Thursday, December 13, 2007

One of the President's Jobs

There's been much talk among our presidential candidates on whether or not they would communicate with foreign leaders deemed to be against U.S. interests.

Most of this discussion started in the aftermath of the Democratic YouTube debate and has been going on since. During that debate, Obama got hammered for his response to a question asked to him about whether or not he would be willing to meet with the leaders of Iran, Syria, Venezuela, Cuba, and North Korea.

Obama's response: "I would." He went on to say, "The notion that somehow not talking to countries is punishment to them, which has been the guiding diplomatic principle of this administration, is ridiculous".

I couldn't have said it better myself.

Unfortunately, there seems to be a lot of people who think otherwise, including Hillary who immediately pounced by responding, "I will not promise to meet with the leaders of these countries during my first year."

As Charles Krauthammer and everyone else who slammed Obama's response put it, Hillary began "ticking off the reasons any graduate student would tick off: You don't want to be used for their propaganda. You need to know their intentions. Such a meeting can make the situation worse."

This sort of viewpoint has carried on to the Republican candidates as well, since most of them have declared that they, too, would not engage in conversation with such leaders (Giuliani would rather bomb them, in fact). Ron Paul was recently booed at the Republican debate in Iowa for stating he would communicate and interact with Fidel Castro of Cuba.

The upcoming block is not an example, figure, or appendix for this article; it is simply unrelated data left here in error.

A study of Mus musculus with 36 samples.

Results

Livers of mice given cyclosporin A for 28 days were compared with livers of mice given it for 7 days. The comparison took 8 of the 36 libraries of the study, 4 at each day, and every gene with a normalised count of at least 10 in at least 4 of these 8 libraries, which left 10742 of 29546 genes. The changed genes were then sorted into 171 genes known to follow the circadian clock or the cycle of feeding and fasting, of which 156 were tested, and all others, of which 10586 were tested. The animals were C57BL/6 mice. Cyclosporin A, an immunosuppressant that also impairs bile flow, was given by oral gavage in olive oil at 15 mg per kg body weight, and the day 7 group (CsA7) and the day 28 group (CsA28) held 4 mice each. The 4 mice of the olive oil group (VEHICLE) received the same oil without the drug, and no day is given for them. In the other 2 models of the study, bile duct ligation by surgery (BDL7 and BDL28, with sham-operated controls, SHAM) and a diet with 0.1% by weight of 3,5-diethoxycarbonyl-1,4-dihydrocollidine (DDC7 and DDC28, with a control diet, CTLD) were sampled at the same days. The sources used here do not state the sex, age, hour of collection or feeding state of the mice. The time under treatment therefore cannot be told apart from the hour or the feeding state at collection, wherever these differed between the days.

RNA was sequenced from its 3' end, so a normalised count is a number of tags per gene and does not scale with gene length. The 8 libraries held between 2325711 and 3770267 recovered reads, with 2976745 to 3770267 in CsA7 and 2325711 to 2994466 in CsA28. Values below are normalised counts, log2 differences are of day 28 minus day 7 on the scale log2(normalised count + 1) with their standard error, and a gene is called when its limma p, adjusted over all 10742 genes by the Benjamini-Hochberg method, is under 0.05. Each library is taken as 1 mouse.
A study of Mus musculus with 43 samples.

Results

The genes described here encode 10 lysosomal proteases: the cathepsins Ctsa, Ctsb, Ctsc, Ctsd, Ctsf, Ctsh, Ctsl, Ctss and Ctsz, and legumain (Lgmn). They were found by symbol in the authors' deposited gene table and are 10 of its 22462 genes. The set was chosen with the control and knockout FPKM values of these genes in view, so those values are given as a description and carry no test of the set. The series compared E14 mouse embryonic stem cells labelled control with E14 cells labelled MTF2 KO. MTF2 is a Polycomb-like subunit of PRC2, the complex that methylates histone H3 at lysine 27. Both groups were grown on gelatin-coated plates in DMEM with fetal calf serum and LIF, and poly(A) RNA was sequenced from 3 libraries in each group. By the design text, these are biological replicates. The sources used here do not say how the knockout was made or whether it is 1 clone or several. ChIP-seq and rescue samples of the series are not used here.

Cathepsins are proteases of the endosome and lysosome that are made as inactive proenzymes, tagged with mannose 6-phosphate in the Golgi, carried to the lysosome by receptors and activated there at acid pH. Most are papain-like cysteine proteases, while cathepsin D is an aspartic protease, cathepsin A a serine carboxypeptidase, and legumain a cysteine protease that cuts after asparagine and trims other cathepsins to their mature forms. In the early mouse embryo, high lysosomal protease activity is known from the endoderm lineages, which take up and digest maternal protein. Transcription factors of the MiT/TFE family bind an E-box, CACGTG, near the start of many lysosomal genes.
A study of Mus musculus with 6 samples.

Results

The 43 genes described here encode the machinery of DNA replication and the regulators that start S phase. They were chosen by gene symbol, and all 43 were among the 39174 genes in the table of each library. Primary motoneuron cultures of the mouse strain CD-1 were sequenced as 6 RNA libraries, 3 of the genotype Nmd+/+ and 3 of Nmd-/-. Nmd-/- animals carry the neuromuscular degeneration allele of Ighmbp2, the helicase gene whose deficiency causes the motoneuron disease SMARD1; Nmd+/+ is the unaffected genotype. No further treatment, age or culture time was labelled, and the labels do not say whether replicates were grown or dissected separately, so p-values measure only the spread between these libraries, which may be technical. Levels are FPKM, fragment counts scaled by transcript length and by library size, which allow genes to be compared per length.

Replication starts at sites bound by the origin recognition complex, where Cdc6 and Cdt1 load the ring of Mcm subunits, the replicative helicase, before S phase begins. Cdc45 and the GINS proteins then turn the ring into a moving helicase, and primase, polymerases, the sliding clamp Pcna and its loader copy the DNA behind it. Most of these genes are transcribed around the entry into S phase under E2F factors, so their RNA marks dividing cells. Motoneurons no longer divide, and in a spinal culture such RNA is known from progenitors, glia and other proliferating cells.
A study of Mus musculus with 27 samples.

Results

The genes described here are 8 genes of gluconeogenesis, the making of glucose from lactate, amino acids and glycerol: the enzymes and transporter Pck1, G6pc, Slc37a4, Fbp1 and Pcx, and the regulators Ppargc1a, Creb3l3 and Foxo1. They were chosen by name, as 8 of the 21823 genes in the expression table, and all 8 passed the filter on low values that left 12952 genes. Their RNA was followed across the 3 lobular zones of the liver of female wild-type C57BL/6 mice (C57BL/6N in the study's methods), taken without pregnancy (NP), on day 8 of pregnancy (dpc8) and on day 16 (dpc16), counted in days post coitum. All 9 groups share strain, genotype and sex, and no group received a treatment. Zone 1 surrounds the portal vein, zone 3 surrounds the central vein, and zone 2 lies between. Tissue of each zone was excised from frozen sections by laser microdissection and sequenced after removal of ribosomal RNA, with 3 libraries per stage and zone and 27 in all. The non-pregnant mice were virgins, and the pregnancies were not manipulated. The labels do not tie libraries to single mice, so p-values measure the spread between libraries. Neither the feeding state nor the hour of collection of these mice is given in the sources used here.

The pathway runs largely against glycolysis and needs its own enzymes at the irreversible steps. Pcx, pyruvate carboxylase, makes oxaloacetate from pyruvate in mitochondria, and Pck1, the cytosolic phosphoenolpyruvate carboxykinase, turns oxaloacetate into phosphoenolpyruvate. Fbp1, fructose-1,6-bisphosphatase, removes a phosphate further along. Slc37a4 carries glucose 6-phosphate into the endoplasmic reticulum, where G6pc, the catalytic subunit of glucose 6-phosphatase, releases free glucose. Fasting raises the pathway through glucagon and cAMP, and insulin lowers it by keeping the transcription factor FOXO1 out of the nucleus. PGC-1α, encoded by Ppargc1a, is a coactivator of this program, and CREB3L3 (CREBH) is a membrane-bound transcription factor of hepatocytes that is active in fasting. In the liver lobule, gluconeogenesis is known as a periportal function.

Here is my take on the things that Mr. Krauthammer said are being taught to our graduate students:

1. Propaganda - Leaders refusing to meet with leaders for reasons of propaganda is the beginning of propaganda itself.

2. Knowing their Intentions - How do you really know their intentions if you don't talk to them? How do they really know yours?

3. Making the Situation Worse - By this logic, I should never cross the street because I could always be hit by a car. Things are going to go wrong, sometimes. But not attempting to do anything will guarantee that they go wrong every time.

Perhaps the interaction that Ron Paul and others plan to use - talking to our enemies - is not the way we usually do things, but it should stand to reason that the way we have been doing things isn't working.

It should stand to reason that perhaps much of the mess that we are in today throughout the world is due to "the way we have always done things" - the notion that "an American president should not share the honor of his office with malevolent clowns like Hugo Chavez", as Mr. Krauthammer put it in his article.

It's this sort of elitism that has steered us in the wrong direction throughout the world. An attitude such as the one I just described is nothing more than pure ego, a false sense of identity, fear, and poison for interaction among nations in the world and society in general.

Don't get me wrong, I think Chavez and the others are poor examples of leaders. But, this does not mean we should not communicate with him or others like him.

The Cold War was won by this method without a wartime shot fired. Direct talks occurred between Regan and Gorbachev. One might say that the Soviet Union was "worth" the direct talk because they were a superpower. So, that makes other countries like Venezuela and Iran not worth talking to, directly, because they are not a superpower and because they have leaders who have caused trouble for us? Incorrect.

The leaders of those countries are still leaders, nonetheless. They might be poor examples of leaders, but they are still that country's leader. If we think the leaders of North Korea and Cuba, for example, are such bad leaders, then that's all the more reason to talk to them, to show them the way, to show them how good leadership is conducted, and to show the world how good leadership is conducted. That's good leadership.

Article II, Section 2 of the Constitution allows for a President "to make Treaties". One cannot do that if one does not communicate with other leaders.

How can anyone be the President of a free country - a country that allows dissent and disagreement - yet not be willing to talk to foreign leaders who disagree and dissent? It's a Free Country, and what's good for us should be good for others as well.

We need a President that leads by such an example - the example of freedom.